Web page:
Straight Outta Compton also happens to be straight outta current headlines. Opening the same week as more inner-city civil unrest unfolds on the first anniversary of the riots in Ferguson, MO that followed Michael Brown’s death at the hands of a white police officer, the showbiz biopic that charts the rise, fall, breakup, tragedies and social impact of gangsta rap pioneers N.W.A. is uncannily timed.
The fierce power of their lyrics in anthems like “F**k The Police” actually seems now to be more prescient and hold more resonance than even in 1988, when this local Compton rap group broke through to the big time. But as I say in video review (click the link above), the story of the evolution of Ice Cube, Dr. Dre and Eazy-E into controversial musical superstars is a human one that doesn’t let up from start to finish, despite a near 2 1/2-hour running time.
On the surface what director F. Gary Gray has wrought appears to be following the standard formula of many showbiz biopics, but this one is loaded with such urgency and explosive energy it seems to unfold almost like a documentary. Certainly the material is there for a compelling story, and Gray, blessed with an exceptional young cast, makes it pop throughout. It’s all here: The ferocious rise of a group of L.A. natives who live so close to the seat of power in the music business, yet could not have seemed further away from its closed gates, until simply talent, timing, and a hungry rock manager named Jerry Heller (Paul Giamatti) helped to make it reality. The film charts that rise, with richly produced musical sequences that should have moviegoers on their feet just as they were at the original concerts, and then the inevitable in-fighting leading to solo careers, a breakup, a personal tragedy, betrayal, revenge and all the stuff of good drama. This movie has it all, motherf***a. It should be said that cops don’t exactly come off great in this film, but it also may offer some historical context for the continuing conflict between parts of the black community and the police, and perhaps inspire some useful dialogue.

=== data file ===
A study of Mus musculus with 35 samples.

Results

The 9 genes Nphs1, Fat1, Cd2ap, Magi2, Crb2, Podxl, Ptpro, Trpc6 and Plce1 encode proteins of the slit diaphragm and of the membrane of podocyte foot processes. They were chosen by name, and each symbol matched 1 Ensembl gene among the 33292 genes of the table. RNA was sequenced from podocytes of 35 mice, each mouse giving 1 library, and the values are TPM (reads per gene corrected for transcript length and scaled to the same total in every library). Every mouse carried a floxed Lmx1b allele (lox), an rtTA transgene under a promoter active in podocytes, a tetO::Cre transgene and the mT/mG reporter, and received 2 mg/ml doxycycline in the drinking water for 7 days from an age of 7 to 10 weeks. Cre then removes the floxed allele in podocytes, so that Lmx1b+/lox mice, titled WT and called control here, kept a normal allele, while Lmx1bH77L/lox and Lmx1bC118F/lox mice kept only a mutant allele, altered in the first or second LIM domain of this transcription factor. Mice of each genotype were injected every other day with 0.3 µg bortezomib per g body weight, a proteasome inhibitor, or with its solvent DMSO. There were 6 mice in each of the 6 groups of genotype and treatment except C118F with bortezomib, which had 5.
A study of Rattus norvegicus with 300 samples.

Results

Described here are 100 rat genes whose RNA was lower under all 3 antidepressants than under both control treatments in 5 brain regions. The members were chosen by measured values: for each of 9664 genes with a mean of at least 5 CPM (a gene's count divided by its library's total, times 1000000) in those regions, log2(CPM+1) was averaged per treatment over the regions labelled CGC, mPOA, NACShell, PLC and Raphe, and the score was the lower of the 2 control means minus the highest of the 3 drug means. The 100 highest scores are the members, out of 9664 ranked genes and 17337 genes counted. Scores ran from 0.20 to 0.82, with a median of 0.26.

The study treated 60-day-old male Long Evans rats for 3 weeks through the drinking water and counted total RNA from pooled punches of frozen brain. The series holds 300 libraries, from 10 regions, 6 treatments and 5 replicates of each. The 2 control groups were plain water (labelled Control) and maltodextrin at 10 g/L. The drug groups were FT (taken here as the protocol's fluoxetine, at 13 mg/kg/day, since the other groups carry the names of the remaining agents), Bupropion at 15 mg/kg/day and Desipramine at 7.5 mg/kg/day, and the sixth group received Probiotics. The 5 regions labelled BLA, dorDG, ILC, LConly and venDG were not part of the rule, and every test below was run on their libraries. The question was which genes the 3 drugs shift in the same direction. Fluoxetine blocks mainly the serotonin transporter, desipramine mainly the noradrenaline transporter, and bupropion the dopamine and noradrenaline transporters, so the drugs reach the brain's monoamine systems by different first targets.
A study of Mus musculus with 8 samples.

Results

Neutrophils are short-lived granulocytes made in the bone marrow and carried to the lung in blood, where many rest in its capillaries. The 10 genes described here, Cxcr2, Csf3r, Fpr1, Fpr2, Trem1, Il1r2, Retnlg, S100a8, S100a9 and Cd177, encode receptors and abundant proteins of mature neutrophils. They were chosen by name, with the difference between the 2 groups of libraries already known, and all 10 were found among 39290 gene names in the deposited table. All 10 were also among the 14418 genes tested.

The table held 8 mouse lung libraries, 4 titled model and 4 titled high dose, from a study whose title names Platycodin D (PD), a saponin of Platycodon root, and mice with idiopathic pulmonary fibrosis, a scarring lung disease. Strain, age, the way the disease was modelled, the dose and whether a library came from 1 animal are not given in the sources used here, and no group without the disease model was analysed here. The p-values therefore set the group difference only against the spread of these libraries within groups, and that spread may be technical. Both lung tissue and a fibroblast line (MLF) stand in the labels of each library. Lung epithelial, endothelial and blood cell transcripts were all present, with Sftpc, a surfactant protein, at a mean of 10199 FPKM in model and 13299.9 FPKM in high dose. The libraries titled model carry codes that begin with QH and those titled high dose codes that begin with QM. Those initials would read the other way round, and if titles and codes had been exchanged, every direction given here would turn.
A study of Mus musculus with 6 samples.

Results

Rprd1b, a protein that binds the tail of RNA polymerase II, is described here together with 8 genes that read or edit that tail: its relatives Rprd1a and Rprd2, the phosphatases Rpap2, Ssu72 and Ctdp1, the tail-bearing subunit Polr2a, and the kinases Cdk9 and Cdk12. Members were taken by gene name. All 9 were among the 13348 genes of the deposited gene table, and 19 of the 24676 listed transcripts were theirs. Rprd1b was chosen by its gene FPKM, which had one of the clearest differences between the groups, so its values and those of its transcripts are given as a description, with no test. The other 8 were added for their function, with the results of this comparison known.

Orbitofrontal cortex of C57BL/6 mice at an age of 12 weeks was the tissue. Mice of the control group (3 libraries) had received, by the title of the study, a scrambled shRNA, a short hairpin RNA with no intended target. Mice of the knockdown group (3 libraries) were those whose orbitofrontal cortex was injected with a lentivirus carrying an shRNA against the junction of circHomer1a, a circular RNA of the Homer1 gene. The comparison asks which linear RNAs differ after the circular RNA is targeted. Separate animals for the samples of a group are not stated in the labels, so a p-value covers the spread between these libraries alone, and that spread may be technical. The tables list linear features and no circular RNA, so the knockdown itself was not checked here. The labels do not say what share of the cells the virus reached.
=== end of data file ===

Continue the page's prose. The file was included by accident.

Ultimately though, this is as I said, a uniquely human story and a very American one in its own way. The film has an authenticity and honesty often missing from these kinds of music biopics and that may be due to the fact that the producers include both N.W.A. founders Ice Cube and Dr. Dre, and they have clearly made sure the screenplay credited to Jonathan Herman and Andrea Berloff, the latter who wrote the story with Alan Wenkus and S. Leigh Savidge, gets the truth – at least as they see it and remember it.
The casting is simply exceptional beginning with Cube’s own son, O’Shea Jackson Jr., playing the spitting image of his father and doing him justice. Equally fine is Corey Hawkins, who maintains a level of authority and even dignity as Dre. But as Eazy-E, Jason Mitchell is the real acting find, delivering a complex portrait of someone who stumbled into the business and emerged perhaps more street-wise in the game than anyone else, that is until personal tragedy intervenes and he is diagnosed with AIDS. Mitchell, if there is any justice, should be considered for a Supporting Actor Oscar nomination. Other members of the group don’t get nearly the screen time as this trio, but Neil Brown Jr. as DJ Yella has his moments. Giamatti is just fine in another rock star mentor-type role that he has been playing lately. Also of note is the dead-on impersonation of the terrifying Suge Knight by R. Marcos Taylor.
In addition to Cube and Dr. Dre, producers include Tomica Woods-Wright, Matt Alvarez, Scott Bernstein and Gray. Universal Pictures releases the film widely Friday, and at Monday night’s gigantic premiere (one of the biggest a studio has thrown in some time) at L.A. Live’s 7000-seat Microsoft Theatre, Cube praised the studio’s Donna Langley as someone who should be considered “the sixth member of N.W.A.” The award-worthy film is certainly another feather in her cap, and for the studio, in a banner year like no other.
Do you plan to see Straight Outta Compton? Let us know what you think.